A Life of Quiet Resistance
By Martha Mosher
There was a time, not too long in the past, when mental illness was thought to be contagious and therefore hidden. There was a time, not too long in the past, when parental and domestic abuse happened only in poor families. We know that neither of these beliefs is true. Mental illness and abuse cross all sections of society and is still hidden. Generational legacy is a term few understand, even if you are standing in the middle of it, because families and society are still in denial of the pervasiveness of it all.
I spent 45 years as a pharmacist. I saw women with hollow eyes and too much makeup. I heard the unasked questions, “How do I get out?” “Where would I go?” I saw the subtle changes when a woman hit bottom and started making decisions to protect herself and not just her kids, when she realized her own resilience and started resisting the chaos to move forward and not only survive, but thrive, when she started to feel her own power. Then there would be an unspoken connection, a hug, a quiet statement that let both of us understand that we are sisters, we have each other’s back. There are benefits from living in chaos. One learns to adapt, one learns to be resilient, one learns to separate “self” from “other”, one learns how to make decisions early and stand by them in the face of opposition. Many of us live quietly, refusing to acknowledge our own power out loud. If told we are heroes we will deny it because we have been taught that we are nothing special and that quietly resisting the chaos takes no talent. It is for my sisters that I tell my story.
I have learned there is a history of mental illness that goes back generations in my mother’s family. Many of the men were alcoholics. Until 1933 there were no medications to treat mental illness. My mother was also hit by a Model A Ford in the 1920’s and sustained head trauma and most likely brain damage. She was also brilliant, graduating from high school early and earning a teaching certificate while in her teens. She taught at a one room school house on Reed Road just south of Geneva. My mother was my abuser. Starting shortly after my birth and continuing until I was in my early teens, Althea damaged my neck, repeatedly beat me on my lower back causing two vertebrae to fuse and burned me with cigarettes. It stopped when I threatened to shoot her with my father’s 0.45. (I was an NRA marksman.) Because of health issues at school, I was seen by radiologists who couldn’t explain the bone damage. My parents were professionals, everyone turned away because professionals aren’t abusers. What Althea taught me was perseverance and resilience, the difference between right and wrong. She also taught me to keep my head down and how to keep secrets. My father taught me I was expendable as I was to protect my brother whom she tried to drown.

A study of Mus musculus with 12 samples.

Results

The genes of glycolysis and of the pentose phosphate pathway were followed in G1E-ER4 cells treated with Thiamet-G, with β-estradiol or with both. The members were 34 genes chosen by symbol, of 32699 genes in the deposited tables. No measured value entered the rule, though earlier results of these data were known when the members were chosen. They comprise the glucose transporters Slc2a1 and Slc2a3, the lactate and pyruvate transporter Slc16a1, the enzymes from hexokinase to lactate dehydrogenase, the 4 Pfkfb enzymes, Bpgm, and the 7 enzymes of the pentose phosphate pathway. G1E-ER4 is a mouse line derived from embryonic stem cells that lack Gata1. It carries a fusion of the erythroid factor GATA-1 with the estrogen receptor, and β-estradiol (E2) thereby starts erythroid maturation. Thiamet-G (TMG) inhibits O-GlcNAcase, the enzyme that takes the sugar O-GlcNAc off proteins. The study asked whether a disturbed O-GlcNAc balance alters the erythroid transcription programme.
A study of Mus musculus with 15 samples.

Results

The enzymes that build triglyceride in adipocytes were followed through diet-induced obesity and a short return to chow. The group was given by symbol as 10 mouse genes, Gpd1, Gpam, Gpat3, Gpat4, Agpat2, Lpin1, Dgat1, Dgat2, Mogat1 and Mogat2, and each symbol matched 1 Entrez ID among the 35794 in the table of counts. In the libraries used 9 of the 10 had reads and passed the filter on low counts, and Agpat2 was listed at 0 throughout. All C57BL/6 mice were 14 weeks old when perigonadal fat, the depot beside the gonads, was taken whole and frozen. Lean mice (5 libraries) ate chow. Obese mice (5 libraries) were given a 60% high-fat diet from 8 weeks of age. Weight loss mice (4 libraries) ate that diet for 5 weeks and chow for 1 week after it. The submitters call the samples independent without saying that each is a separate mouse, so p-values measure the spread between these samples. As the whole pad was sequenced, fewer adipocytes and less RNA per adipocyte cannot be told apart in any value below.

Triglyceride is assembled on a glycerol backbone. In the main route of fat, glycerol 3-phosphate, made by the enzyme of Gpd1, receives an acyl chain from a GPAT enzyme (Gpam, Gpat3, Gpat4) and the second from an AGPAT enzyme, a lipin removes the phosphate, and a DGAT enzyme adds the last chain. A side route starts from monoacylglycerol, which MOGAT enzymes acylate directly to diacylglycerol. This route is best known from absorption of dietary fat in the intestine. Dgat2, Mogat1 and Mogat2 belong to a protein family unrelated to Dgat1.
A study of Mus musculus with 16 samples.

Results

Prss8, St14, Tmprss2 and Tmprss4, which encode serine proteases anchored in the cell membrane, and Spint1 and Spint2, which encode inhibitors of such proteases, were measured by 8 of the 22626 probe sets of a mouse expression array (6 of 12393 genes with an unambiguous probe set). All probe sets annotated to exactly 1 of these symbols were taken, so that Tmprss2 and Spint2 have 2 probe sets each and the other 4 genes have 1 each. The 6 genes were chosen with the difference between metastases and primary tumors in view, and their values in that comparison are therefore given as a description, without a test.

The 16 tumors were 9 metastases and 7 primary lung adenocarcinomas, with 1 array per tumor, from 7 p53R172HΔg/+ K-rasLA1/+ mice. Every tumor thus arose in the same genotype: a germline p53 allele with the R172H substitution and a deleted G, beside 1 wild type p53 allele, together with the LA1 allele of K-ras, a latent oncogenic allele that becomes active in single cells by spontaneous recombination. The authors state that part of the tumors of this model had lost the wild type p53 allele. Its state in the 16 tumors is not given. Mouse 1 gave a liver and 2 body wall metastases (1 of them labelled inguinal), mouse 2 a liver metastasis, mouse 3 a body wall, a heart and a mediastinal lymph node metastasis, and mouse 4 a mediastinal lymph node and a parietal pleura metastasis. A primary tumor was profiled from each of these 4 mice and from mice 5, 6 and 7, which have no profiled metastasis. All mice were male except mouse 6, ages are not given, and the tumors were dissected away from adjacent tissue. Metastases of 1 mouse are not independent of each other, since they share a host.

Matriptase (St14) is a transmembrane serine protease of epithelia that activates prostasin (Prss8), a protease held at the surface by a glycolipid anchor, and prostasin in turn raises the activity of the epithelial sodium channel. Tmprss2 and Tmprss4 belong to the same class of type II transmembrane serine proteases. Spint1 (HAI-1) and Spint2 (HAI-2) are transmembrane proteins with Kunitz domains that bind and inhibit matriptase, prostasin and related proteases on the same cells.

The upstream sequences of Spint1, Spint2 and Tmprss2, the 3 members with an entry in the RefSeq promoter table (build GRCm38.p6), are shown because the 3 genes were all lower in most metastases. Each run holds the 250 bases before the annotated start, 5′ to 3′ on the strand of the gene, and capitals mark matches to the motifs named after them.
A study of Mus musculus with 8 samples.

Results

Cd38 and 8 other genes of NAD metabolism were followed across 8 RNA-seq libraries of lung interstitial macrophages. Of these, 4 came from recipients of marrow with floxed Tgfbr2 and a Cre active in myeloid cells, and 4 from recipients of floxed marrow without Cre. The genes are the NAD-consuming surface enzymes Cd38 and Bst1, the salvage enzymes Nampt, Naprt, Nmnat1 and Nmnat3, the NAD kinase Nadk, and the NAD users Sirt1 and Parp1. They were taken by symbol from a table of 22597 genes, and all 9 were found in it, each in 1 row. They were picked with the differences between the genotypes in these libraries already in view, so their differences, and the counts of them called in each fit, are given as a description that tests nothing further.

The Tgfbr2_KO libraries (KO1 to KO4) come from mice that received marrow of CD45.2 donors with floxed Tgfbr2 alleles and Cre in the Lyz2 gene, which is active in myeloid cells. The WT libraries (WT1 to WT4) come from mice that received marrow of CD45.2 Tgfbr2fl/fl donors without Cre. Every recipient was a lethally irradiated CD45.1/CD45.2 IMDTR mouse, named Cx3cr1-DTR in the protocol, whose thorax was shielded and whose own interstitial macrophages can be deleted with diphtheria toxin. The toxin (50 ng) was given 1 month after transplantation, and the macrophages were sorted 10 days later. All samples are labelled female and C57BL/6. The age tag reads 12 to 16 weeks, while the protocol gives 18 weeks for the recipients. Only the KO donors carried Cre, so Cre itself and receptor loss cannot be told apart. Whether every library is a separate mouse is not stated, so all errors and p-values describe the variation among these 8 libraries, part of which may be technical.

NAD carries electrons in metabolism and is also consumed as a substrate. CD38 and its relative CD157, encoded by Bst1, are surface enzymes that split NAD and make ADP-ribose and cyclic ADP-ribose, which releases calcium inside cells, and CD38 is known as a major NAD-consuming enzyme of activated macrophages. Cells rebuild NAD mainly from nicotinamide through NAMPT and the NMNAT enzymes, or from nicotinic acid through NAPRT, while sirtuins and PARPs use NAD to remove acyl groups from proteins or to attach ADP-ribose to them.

At 21, I married my mother – someone who was not emotionally available to me or my daughters. At 42 I divorced him after I realized I had been a single parent for years and started to understand my own power.
In 1978, living on Grassy Hill Road, East Lyme, Ct. I contracted Lyme Disease. Not only did I have arthritis, I had meningeal encephalitis for 5 years. This means my brain swelled as well as the lining of my spinal cord. I couldn’t read, do math well, sometimes I couldn’t speak well or form a complete sentence. The pain in my head was excruciating even on high dose prednisone. If I hadn’t learned how to deal with pain during my childhood, I would have given up. I didn’t. Things slowed down, but I held down a full time hospital pharmacy job, took care of the house and kids, volunteered at school all while being part of the initial study at Yale-New Haven Hospital. 1983 saw the discovery of the bacteria that causes Lyme and I was admitted to hospital for IV treatment. The doctors said I was cured, except I still couldn’t read or do math. I fought my way back. The drive and the adaptability I had learned at my mother’s knee allowed me to keep pushing, to resist giving in, to get up and win.
I used all of this in my pharmacy practice because I could walk in my patient’s shoes when they had doubts or didn’t understand therapy. All of it gave me credibility. Even without going into detail, my patients understood that I knew what they were going through.
My message to women, who think they are nothing special, because you have been told that you are not, is simple. Look inside to who you really are. Look at your daily victories and celebrate them. It may be as simple as the laundry is finally done. It may be as wonderful as your child earning a good grade at school. You were part of that, you helped it to happen and you need to celebrate that for you. Quiet resistance changes society. It puts consistent pressure on every level to move forward. We, who practice it, are every day heroes and our stories are worth being told!